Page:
Mabuhay Energy earmarks around P500 million for solar, hydro projects
Angelica Y. Yang
RETAIL electricity supplier Mabuhay Energy Corp. (MECO) has set about P500 million for this year’s capital expenditures (capex), including the budget for its solar and hydro projects.
MECO Chief Executive Officer and Chairman Sherwin G. Hing said the capex covers the firm’s solar farm, which is set to break ground in September in Bulacan, an 80-megawatt (MW) hydro plant in Lanao del Sur, and several embedded generation projects.
“(The) solar farm is through Excell Energy. It is the subsidiary that’s purely doing solar for now… It’s gonna be a joint venture with a company that has the property in Bulacan so we’re looking at groundbreaking sometime in September,” Mr. Hing told BusinessWorld in a video call on Wednesday.
He said MECO is currently using internal funds for the capital spending, but said that the company was looking into a debt-equity financing scheme after talks with investors.
According to Mr. Hing, the firm’s planned solar farm will have a capacity of up to 20 MW.
Excell Energy is one of the firm’s partners that focuses on optimizing energy costs through the use of distributed energy sources, according to MECO’s website.
“[Our] hydro project is in Lanao del Sur, it’s an 80-MW project. One of the shareholders of this company has already started the project and we’re in discussions [on] MECO acquiring a part of that company,” Mr. Hing said, adding that the project has already passed the pre-construction stage, and that it will begin “very soon.”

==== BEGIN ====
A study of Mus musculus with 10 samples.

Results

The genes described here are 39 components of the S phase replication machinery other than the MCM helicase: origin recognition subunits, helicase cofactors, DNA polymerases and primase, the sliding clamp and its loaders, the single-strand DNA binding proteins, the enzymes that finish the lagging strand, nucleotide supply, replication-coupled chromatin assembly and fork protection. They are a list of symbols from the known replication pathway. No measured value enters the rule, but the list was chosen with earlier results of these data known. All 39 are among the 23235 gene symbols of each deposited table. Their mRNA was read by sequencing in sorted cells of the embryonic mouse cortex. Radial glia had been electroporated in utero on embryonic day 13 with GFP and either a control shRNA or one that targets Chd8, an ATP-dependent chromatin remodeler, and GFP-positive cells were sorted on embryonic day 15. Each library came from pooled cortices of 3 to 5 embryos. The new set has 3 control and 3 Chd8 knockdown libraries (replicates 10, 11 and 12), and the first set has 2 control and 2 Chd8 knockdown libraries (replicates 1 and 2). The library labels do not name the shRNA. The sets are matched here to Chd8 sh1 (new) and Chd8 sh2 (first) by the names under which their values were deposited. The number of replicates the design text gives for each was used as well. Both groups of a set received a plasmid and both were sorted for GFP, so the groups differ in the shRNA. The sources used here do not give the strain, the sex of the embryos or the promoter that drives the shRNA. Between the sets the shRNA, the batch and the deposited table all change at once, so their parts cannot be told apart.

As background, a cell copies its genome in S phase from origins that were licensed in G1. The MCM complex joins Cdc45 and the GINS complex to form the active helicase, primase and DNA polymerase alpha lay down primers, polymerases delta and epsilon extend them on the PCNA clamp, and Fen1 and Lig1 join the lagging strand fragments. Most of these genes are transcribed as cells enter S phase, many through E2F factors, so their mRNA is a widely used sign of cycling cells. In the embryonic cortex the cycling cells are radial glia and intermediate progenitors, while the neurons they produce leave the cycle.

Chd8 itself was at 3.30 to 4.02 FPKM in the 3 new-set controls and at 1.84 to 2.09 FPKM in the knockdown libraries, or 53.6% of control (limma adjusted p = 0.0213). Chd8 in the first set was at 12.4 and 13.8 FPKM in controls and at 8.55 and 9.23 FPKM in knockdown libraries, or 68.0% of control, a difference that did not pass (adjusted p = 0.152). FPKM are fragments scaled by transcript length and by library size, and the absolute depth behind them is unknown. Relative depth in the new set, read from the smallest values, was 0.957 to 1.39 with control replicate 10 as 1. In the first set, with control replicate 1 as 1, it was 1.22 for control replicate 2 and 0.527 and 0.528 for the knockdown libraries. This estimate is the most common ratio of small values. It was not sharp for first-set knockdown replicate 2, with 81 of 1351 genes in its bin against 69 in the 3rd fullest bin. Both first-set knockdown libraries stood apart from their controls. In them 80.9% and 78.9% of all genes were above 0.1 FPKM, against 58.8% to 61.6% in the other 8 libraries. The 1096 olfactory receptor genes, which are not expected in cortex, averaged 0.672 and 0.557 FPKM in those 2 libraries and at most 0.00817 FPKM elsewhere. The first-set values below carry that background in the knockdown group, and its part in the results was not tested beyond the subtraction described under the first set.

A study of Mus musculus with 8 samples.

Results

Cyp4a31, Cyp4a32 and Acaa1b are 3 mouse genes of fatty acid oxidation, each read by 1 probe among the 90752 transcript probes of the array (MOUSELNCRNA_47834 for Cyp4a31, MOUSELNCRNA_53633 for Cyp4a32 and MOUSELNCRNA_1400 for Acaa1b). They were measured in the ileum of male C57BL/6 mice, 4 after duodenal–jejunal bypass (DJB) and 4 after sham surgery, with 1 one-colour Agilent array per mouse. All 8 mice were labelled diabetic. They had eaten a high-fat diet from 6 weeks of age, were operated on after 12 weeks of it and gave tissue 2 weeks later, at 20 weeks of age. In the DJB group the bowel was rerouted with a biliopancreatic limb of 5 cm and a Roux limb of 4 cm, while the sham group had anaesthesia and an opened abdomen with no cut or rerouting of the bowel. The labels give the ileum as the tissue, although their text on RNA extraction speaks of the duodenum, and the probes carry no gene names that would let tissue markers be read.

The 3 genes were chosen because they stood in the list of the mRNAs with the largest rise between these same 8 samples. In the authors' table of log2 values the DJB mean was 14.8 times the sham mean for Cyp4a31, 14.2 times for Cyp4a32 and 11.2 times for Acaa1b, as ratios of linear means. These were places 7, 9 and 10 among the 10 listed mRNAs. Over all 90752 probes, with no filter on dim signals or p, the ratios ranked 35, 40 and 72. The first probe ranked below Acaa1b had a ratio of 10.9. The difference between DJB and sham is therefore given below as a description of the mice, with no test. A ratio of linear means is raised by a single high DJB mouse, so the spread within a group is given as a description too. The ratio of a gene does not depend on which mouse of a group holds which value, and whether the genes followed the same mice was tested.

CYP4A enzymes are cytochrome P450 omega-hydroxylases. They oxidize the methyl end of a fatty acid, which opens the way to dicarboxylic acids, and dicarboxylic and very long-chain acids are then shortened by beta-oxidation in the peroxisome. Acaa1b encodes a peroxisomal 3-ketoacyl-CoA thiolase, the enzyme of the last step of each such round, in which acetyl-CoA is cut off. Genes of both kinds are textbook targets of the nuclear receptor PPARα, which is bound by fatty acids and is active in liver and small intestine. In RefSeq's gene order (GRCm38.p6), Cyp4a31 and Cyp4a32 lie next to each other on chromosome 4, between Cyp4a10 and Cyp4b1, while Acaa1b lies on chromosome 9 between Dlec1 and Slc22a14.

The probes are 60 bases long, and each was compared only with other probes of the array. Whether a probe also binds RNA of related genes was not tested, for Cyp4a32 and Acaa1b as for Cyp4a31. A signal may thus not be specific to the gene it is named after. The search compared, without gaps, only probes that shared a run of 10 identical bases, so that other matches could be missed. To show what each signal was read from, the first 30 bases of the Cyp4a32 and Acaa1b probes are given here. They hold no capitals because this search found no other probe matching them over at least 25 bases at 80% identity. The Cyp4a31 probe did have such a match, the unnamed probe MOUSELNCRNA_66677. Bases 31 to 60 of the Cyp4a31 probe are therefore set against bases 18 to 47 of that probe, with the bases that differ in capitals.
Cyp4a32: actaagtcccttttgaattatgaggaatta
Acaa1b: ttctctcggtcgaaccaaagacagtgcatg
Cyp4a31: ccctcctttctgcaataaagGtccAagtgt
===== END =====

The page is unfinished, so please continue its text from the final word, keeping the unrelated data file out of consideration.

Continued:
Part of MECO’s capex is also set to go to its embedded generation project, Mr. Hing said.
In a separate e-mail, MECO Vice-President and Head of Sales Jacqueline Castillo said that the firm “remains committed to developing and owning assets in the renewable energy sector, which would enable it to generate 100 MW soon.”
Asked about the possible distribution of renewable assets, Mr. Hing said on Wednesday that there’s no set ratio yet, but he believed that solar will “initially dominate the portfolio.”
“I think it will be solar since solar is going to be much faster to build and we also need to catch up based on the internal demands of MECO. We believe initially the next 3 [or] 5 years, solar will be… dominating in the portfolio then hydro will catch up eventually,” he said.
Mr. Hing said that the company has long-term plans of building its power generation business so it won’t be “too dependent on power supply agreements from independent power producers.”
“It’s part of our strategy really that a portion would be coming from our own, and a portion will come from the power supply agreements — just to spread the risk and then the rest or a portion of that will be from the WESM (wholesale electricity spot market),” he explained.
At present, MECO is selling around 30 to 40 MW of capacity per month to 16 of its customers. The firm began its commercial operations in June 2020, and obtained its RES license from the Energy Regulatory Commission in December 2019.
MECO, a wholly owned subsidiary of the Aviva Group of Companies, has based its pricing mechanism after Japanese RES companies. According to the firm, the mechanism “allows MECO to provide the most options in the market to customize its pricing and supply.”